Population size and environmental quality
AbstractThis paper presents a simple general equilibrium analysis of first best allocations in an economy where a consumption good is produced using labor. Production results in pollution, which is a public bad. Pollution abatement can be achieved either by restricting production or by using additional labor. We consider how the first best allocation and Pigouvian tax vary with population size. Consumers are unambiguously worse off when the population is larger, but not necessarily due to increased pollution. In fact, optimal policy on how pollution and labor should vary with population size is very sensitive to preferences and technology. The best response to an increase in population size might be either to increase or to decrease emissions and/or labor, depending on functional forms and parameters. However, given separable preferences and some convexity, the optimal emissions tax increases, and the first best level of per-capita consumption decreases with population size. The paper also considers the extent to which exogenous technical progress can overturn these conclusions.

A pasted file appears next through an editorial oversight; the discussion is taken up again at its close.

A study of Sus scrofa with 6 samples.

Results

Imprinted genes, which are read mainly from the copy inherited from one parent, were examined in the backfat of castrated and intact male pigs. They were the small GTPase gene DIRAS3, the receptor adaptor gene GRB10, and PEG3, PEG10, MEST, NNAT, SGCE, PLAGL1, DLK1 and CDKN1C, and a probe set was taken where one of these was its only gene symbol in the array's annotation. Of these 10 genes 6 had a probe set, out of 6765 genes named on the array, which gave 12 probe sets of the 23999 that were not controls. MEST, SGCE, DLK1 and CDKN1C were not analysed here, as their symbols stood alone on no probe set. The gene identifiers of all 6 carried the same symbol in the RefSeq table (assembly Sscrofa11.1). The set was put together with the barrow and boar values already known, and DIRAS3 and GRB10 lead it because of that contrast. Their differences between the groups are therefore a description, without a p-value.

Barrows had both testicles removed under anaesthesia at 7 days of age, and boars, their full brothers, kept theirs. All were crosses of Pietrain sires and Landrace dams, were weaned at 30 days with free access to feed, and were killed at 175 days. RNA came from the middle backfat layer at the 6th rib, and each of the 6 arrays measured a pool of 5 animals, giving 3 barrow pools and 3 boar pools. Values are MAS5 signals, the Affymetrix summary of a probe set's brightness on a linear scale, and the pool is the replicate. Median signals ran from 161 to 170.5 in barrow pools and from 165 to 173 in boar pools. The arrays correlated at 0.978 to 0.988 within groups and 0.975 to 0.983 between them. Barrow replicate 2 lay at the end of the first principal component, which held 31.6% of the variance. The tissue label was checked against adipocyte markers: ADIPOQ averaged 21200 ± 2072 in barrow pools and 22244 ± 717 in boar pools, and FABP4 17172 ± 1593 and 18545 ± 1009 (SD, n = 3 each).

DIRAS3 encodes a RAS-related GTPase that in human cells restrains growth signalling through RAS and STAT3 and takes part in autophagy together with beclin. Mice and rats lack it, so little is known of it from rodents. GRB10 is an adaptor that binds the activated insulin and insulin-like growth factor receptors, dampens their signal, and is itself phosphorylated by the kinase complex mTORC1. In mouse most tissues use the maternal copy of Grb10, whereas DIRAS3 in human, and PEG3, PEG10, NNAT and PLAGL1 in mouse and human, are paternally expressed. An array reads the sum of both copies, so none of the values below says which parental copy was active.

Volume (Year): 10 (1997)
Issue (Month): 3 ()
Note: Received August 28, 1996 / Accepted January 27, 1997
- D62 - Microeconomics - - Welfare Economics - - - Externalities
- Q28 - Agricultural and Natural Resource Economics; Environmental and Ecological Economics - - Renewable Resources and Conservation - - - Government Policy
"Environmental and population externalities,"
0427, University of Heidelberg, Department of Economics, revised Aug 2006.
- Phu NGUYEN VAN, 2002. "Endogenous Population and Environmental Quality," Working Papers of BETA 2002-09, Bureau d'Economie Théorique et Appliquée, UDS, Strasbourg.